How to Decide on an Evergreen or Open/Close Launch Strategy
If you’ve created a course, or dreamed of launching your own course series, you’ve probably thought about your launch strategy. Do you imagine a huge event and a limited release? Or, are you considering an evergreen course that will always be available?
Which to use? Which is best?
There’s a lot to consider when deciding to go evergreen or open/close on your launch strategy. We’ll break down what you need to consider for each strategy based on three factors: the marketing effort, the income potential, and the learner experience.
The marketing strategy for an open/close launch requires urgency and scarcity. Scarcity can happen naturally: say there are 100 open seats in your course. This automatically creates a sense of urgency. Your marketing material can focus on acting fast or early bird deals. Keep in mind most people buy either on the first or the last day, so plan big for those two days.
The launch-style approach is a good fit for folks who are comfortable with short release windows and doing a decent amount of work upfront to prepare. Also, if marketing is not your strong suit, a launch model is quick and short. Most of your effort will rely on awareness of deadline and urgency to register.
On the other hand, an evergreen approach requires ongoing promotion. There’s no big pressure at any given time to drive sales and make your course feel scarce. In fact, you could step away for a few days and not fear that your entire business would fall apart. However, you’ll always be thinking of ways to make sure your course is getting in front of your audience. This may require more strategy and tactical marketing campaigns with ongoing initiatives.
An open/close launch strategy wil provide an initial surge of money right around launch. A rush of registrations in a two week period may provide all the funding you’ll need for months. However, this requires a close eye on budgets and predictive models to ensure you’re making back what you’ve spent on the planning, execution, and marketing of the course.
This launch style is can often be inconsistent or unpredictable. If you hammer your email list every other month with a new launch, for example, it could create launch fatigue and shrink your list.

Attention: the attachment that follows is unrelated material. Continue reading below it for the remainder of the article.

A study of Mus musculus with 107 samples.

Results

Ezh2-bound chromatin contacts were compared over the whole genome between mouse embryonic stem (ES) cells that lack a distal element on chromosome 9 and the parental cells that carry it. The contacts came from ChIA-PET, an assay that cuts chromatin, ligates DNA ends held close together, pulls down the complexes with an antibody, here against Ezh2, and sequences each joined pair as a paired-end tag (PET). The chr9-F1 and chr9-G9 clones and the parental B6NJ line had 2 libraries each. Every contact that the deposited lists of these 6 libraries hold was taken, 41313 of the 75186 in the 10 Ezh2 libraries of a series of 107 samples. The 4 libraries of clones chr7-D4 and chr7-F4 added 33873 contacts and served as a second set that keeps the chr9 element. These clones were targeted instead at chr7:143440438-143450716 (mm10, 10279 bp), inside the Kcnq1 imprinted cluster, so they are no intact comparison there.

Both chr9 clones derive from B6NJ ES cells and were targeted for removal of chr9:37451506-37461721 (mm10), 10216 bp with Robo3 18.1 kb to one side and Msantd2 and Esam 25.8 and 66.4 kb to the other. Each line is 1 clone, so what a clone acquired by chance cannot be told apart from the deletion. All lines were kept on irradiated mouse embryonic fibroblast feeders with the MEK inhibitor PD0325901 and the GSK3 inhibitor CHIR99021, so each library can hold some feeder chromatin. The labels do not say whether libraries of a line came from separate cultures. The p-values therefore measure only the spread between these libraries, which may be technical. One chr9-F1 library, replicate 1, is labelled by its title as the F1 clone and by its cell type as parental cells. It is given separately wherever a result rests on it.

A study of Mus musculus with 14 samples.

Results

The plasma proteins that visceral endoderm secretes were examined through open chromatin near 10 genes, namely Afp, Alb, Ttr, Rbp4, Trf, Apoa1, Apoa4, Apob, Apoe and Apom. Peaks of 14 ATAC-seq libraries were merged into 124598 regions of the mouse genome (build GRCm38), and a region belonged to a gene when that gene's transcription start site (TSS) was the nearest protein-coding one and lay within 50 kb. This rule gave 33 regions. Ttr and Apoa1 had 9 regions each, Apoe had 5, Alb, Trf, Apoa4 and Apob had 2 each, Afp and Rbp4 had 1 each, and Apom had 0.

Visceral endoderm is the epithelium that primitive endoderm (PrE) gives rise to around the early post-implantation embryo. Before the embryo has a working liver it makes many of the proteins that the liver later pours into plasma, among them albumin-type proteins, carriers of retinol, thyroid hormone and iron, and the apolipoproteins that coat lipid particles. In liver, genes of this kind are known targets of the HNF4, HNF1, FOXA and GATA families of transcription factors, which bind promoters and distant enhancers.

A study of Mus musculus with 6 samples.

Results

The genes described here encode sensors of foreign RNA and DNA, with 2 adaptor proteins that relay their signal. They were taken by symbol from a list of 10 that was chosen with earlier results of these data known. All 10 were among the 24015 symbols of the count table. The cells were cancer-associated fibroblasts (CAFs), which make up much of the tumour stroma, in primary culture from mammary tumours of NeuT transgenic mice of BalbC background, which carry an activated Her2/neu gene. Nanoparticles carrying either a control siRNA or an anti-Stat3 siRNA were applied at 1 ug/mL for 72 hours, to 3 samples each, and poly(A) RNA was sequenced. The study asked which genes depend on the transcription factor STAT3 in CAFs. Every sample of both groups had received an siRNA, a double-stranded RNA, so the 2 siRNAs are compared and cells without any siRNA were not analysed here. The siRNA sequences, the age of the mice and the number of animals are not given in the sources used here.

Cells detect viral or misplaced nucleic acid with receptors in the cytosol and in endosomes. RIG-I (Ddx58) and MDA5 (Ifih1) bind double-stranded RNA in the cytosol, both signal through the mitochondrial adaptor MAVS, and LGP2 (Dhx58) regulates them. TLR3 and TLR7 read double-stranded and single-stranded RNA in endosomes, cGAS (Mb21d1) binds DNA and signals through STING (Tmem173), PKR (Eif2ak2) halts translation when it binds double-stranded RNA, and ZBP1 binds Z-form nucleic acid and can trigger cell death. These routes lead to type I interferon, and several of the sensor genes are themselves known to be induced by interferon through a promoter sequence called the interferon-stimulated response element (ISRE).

Evergreen courses can bring in passive income without much work. If marketed appropriately, folks can find your course at any time and enroll, as long as your course content is continually useful to your audience segment. You’ll see money coming in each month steadily, but perhaps not in lump sums like an open/close model. In an evergreen launch, there’s no feast / famine dynamic.
An open/clouse launch style is often a more hands-on course. Typically, open/close launch courses run at fixed periods and may be more likely to have harder deadlines and due dates. There will likely be more of a sense of a cohort and higher levels of interaction. This can help increase student success and completion rates.
Evergreen courses are typically self-paced, requiring learners to depend on their own motivation to finish. For example, if you have an employee training course that can be taken anytime, it makes perfect sense to forgo an open/close type of launch and keep the course open consistently.
How to Decide Your Launch Strategy
Consider each variable: learner experience, potential earnings, and marketing effort. Your decisions in each of these categories will likely sway you in a certain direction.
If you can justify answers for both models, then try both! Start with an open/close launch a few times, then transition into an evergreen approach as your content continues to prove its value over time. This method allows you to sort through issues and improve your course along the way until you’re ready to go evergreen.
No matter which method you decide, LearnDash works well with evergreen or open/close courses. Experiment with both launch types by exploring the LearnDash demo both as a learner and a course creator.